The United States has been unable to begin a $15 million cross-border humanitarian aid program for the Afghan resistance movement because of a lack of agreement with Pakistan over how it should be organized, according to U.S. officials.
After six months of planning and discussions with the Pakistani government, the program "hasn't been put into operation . . . because the Pakistanis are unable to agree among themselves how to do it," an Agency for International Development official said.
The proposed program -- the first to be undertaken by AID inside Afghanistan -- is considered a delicate operation within the agency because it involves setting up health, education and agricultural projects inside rebel-held areas that are constantly under Soviet or Afghan bombardment.
The projects would be run by Afghan rebels or European private groups already working in rebel-held areas, rather than AID officials or private American volunteers.
A Pakistani Embassy spokesman said the embassy had no information regarding the proposed program or the reasons for the reported delay in starting it.
Congress appropriated an initial $15 million annually for humanitarian assistance to the anticommunist Afghan guerrillas, beginning this fiscal year. This aid is in addition to the nearly $500 million in secret military aid allocated by Congress for the Afghan resistance struggle. No interruption in the delivery of U.S. military aid, which includes ground-to-air Stinger missiles, has been reported.
U.S. officials say that implementation of the new AID program has been delayed by the establishment in Pakistan last December of a new civilian government led by Prime Minister Mohammed Khan Junejo, who has been reviewing the policies of the previous military government of President Mohammed Zia ul-Haq toward the Afghan resistance.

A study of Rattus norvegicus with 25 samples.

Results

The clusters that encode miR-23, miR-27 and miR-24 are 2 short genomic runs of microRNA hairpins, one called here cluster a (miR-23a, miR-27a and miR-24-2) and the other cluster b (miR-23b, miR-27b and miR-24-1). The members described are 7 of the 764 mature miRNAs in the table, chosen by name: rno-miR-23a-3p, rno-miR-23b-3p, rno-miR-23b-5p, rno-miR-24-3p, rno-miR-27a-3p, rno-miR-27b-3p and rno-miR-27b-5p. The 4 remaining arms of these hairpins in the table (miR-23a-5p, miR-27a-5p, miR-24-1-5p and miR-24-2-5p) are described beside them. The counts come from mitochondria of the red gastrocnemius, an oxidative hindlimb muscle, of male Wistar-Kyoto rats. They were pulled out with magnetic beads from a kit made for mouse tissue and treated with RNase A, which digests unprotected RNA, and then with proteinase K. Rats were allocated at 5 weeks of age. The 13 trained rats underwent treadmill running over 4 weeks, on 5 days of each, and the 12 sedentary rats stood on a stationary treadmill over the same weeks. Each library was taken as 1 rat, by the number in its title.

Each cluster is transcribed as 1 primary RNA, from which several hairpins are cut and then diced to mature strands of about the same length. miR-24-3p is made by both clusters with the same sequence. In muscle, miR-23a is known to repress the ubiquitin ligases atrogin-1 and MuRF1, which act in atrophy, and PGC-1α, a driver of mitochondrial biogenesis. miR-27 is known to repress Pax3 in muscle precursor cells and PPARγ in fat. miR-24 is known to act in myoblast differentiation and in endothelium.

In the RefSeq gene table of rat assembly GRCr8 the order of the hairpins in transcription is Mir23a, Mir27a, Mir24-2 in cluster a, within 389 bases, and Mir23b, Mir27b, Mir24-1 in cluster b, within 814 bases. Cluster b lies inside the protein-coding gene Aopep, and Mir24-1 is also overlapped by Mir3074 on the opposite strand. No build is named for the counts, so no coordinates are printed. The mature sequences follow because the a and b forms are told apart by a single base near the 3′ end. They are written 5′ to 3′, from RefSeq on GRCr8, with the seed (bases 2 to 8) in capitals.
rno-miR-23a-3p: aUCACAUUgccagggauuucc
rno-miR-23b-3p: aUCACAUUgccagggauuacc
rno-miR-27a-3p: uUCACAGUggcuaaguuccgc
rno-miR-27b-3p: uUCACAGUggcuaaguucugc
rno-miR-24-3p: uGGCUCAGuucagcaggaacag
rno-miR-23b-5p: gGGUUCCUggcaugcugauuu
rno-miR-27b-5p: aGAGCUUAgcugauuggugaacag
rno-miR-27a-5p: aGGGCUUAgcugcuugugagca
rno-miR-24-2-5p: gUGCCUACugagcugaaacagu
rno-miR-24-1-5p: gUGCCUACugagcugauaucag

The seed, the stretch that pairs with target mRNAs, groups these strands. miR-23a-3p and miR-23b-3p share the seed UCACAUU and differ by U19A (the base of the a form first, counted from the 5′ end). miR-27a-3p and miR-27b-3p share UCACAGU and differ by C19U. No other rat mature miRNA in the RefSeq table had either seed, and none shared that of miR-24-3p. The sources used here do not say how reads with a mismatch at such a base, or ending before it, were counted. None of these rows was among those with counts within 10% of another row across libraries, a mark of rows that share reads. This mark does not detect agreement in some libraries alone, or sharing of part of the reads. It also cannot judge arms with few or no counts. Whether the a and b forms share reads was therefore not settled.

"The holdup is due to the change of governments," one AID official said. "They haven't seen their way to working out a specific arrangement we can all agree to."
Another AID official said the Junejo government wanted to have its own organization supervise all private volunteer organizations and their many aid programs for the Afghan resistance being administered inside Afghanistan.
As early as the spring of 1985, AID began developing plans for a long-term, cross-border aid program to help the Afghan rebels maintain a civilian population inside rebel-held zones.
The agency has sent teams to design projects that would provide basic health services as well as specialized projects for war-related injuries, paramedical training, expanded primary schooling, distribution of foods and goods in "liberated zones," and agricultural schemes aimed at increasing the rebels' ability to feed themselves.
AID allocated $8 million in short-term medical and emergency food aid to the Afghan resistance during fiscal 1985 through U.S. and European private volunteer organizations and the International Red Cross. AID officials said one way to distribute the $15 million in new funds would be simply to funnel the money through the private groups.